An Unlikely Countess by Louise Carpenter

From rags to ermine, but this is no fairytale

This story is at first glance classic Catherine Cookson: twice-married chauffeur's daughter spends her life scrubbing floors in grand Scottish houses only to fall for the Earl's difficult son. His family disown him when they marry in secret and accuse her of being nothing more than a common little adventuress. But their love wins out and she is there at his side, adored by his friends, as he takes his seat in the House of Lords.

Well, perhaps not classic, because this is real life and there is no happy ending. Lily Budge may have died in 1999 as the Countess of Galloway and bequeathed the family diamonds to her own grand-daughters, but she never got to be châtelaine of Cumloden, the Stewart family seat in the Borders and she spent all but four of the 23 years of her marriage to the 13th Earl living apart from her husband, often still working as a cleaner and latterly in a tiny room in a retirement home. The love that had prompted this unlikely match defied all its doubters and remained strong, but his violence towards her, culminating in an attempt to strangle her in a hotel room in London in 1980, left her afraid to be left alone with him.

Lily Budge is the central character in this rags to ermine tale, but the more intriguing and sustaining figure is Randolph Stewart, her third husband. He was a troubled child who was parted, as family tradition dictated, from his American heiress mother whom he adored by being sent off to a brutal prep school and then Harrow. He grew into a mentally troubled young man.

Various doctors consulted by Randolph's appalled and embarrassed father offered various diagnoses of his problem which manifested itself in violence, eccentric behaviour and anxiety which became extreme when in company. The one that stuck was schizophrenia and led to a variety of ineffective orthodox and quack "cures" - including insulin coma therapy where sufficient insulin was injected to tip him into a hypoglycaemic coma. "My personality was slowly going to pot," he later wrote, "becoming ever entombed in guilt, with the ever encroaching festoons of gloom entwined about complexes and phobias which had me a spectre's shadow before that term [at Harrow] was up. The guilt was deep and intense, becoming ever more so. I gave up laughing, I dared not even smile, thinking both were wrong."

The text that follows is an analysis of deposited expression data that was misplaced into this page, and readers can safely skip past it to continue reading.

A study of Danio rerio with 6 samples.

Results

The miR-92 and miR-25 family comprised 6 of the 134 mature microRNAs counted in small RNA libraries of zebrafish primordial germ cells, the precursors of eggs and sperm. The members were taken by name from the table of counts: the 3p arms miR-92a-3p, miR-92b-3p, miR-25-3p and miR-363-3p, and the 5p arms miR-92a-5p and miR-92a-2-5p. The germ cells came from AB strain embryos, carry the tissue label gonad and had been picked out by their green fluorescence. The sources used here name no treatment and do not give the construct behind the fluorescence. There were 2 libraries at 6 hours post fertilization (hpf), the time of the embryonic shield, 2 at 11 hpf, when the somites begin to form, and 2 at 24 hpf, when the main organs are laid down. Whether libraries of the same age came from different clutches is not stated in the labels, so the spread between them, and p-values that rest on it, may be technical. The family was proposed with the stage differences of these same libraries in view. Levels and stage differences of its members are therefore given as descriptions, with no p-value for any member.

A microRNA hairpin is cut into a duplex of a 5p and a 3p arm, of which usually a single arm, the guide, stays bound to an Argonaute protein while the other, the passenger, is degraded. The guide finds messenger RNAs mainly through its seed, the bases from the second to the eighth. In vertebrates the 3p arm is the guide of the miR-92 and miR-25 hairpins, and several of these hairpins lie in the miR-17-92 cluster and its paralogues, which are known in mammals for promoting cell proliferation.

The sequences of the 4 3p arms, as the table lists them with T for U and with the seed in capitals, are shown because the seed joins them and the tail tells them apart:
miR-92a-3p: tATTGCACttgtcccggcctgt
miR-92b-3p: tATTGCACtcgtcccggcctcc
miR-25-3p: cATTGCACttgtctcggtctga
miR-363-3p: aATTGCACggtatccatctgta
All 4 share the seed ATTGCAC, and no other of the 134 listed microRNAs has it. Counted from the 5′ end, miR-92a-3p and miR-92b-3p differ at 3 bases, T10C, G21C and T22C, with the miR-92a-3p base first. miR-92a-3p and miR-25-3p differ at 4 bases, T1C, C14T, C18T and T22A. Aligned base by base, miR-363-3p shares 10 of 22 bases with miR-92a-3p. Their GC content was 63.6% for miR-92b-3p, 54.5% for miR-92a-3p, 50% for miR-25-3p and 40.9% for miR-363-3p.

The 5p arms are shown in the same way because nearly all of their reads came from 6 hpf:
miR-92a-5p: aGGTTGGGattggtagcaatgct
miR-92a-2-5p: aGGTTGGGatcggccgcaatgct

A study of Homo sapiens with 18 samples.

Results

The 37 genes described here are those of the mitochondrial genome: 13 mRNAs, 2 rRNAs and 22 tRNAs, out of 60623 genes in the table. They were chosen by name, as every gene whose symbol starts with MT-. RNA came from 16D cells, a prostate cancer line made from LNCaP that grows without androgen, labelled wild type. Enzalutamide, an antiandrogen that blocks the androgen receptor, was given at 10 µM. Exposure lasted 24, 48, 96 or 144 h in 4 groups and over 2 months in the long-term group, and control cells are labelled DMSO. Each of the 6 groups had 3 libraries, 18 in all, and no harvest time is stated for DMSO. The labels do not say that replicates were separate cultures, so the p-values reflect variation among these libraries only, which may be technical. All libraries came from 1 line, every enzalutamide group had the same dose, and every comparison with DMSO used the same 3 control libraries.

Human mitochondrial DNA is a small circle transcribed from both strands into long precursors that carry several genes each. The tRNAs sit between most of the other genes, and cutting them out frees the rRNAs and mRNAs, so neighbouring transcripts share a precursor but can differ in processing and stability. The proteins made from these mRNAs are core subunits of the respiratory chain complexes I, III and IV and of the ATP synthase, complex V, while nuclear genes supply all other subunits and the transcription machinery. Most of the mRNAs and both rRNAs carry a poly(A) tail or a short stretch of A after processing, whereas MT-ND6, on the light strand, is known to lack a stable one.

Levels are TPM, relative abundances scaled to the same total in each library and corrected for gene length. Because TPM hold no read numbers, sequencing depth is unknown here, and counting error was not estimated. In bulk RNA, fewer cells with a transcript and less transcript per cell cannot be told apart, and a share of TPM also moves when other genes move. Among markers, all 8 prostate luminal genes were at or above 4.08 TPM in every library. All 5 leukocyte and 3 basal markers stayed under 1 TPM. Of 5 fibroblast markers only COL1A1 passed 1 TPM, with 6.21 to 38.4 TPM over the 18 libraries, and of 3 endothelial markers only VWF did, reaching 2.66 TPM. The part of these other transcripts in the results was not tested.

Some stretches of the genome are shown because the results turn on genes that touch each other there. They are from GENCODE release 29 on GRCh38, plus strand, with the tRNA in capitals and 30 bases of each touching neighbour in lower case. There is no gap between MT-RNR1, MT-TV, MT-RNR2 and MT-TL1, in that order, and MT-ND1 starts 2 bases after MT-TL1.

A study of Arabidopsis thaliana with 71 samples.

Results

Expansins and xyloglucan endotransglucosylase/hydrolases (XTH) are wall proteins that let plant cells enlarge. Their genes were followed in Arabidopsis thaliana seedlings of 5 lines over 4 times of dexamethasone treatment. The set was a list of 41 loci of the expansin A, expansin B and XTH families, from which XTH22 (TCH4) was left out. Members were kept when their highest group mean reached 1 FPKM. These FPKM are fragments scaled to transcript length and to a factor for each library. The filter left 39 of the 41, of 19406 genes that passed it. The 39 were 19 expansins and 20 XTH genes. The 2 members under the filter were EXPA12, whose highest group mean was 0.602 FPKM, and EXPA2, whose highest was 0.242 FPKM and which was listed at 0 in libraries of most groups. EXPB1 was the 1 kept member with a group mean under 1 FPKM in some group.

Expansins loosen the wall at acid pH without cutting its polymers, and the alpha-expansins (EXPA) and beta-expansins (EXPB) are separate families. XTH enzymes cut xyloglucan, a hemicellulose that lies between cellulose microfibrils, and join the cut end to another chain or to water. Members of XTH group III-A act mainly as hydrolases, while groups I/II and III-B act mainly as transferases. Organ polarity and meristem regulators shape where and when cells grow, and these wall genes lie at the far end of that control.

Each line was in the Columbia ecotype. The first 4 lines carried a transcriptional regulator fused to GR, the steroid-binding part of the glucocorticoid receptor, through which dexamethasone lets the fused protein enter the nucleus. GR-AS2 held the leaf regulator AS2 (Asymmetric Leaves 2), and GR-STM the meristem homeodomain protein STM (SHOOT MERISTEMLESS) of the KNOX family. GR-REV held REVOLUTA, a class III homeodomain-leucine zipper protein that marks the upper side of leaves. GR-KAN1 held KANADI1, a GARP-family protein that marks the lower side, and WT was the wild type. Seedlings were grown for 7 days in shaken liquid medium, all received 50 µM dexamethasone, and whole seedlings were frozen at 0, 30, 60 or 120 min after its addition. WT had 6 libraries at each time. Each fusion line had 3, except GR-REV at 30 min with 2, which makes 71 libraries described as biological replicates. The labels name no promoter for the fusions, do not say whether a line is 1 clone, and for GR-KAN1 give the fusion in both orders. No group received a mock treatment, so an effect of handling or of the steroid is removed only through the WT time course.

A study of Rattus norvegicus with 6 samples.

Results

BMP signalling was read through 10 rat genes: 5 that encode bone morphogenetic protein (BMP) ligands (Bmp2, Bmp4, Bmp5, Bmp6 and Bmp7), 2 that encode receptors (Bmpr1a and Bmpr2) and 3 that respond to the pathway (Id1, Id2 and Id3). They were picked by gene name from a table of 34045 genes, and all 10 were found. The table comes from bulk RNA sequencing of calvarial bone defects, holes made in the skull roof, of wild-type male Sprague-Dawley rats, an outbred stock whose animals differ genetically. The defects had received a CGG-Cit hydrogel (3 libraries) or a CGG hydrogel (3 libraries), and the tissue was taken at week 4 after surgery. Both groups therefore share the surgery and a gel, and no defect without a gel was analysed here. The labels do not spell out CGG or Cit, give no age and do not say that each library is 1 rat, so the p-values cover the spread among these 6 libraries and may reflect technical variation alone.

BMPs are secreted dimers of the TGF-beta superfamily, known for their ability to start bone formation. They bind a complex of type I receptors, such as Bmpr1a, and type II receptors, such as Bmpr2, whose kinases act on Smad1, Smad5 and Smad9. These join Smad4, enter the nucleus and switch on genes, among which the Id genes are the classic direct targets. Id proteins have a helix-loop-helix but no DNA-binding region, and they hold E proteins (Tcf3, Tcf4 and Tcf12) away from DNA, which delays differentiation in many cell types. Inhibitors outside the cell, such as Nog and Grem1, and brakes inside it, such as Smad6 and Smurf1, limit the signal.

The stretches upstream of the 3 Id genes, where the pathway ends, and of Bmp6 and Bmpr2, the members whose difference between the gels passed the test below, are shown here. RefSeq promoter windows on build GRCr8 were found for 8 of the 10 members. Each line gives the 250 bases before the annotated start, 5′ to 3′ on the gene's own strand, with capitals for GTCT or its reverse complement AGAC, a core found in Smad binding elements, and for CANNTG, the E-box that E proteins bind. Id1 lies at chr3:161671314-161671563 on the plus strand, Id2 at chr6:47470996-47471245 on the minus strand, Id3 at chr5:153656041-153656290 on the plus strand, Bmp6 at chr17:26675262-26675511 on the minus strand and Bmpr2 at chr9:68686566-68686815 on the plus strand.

In 1952, his despairing parents decided to have Randolph lobotomised. At the time it was considered a pioneering therapy for mental illness (in the United States over 18,000 operations were carried out in one year, 1951). It left Randolph little better than a zombie, and he was sent to live out his days with some monks where the simple, outdoor life and routine would, it was hoped, allow him to find some calm.

But the lobotomy had not entirely killed him off and so it was from this half-life that Lily Budge rescued him. They met on an Anglo-Catholic pilgrimage. She believed he had been sent to her by God and that what had caused his problems was lack of love. If she could love him enough, she hoped, he would heal.

The instinct was right and she undoubtedly transformed and enriched his life, but the damage done was too deep seated. Moreover, those who had allowed his brain to be carved up could not face up to the consequences of what they had done and were reluctant for Randolph to escape from where he had been safely out of sight and out of mind. As a result, they could only see Lily as a nuisance preying on him. When he stood up for her, he was formally disinherited of all but his title, which came to him in 1979 on the death of his estranged father.

Louise Carpenter tells this sensational story without ever exaggerating its more eye-catching excesses. She is sensitive to all sides and, though she clearly has a soft-spot for Lily, never avoids showing her vain, foolish, abrasive behaviour in neither its full awfulness, nor the extent to which her long legal campaign to have Randolph's inheritance returned from a distant cousin was partly dictated by self-interest. There was a hint of adventuress in her, after all, but only underneath a genuine good heart.

The subject matter of this book carries with it all sorts of potential pitfalls - too much playing up to the snobbish aspects of aristocracy, too many colourful vignettes of some of the bizarre titled characters Lily encountered in her new world, most of all too much chasing the Catherine Cookson constituency. But Carpenter dodges them all. Her achievement is making what could easily have been an unbelievable, escapist novel or a lengthy magazine article into a serious and profoundly moving book that fully justifies its almost 300 pages.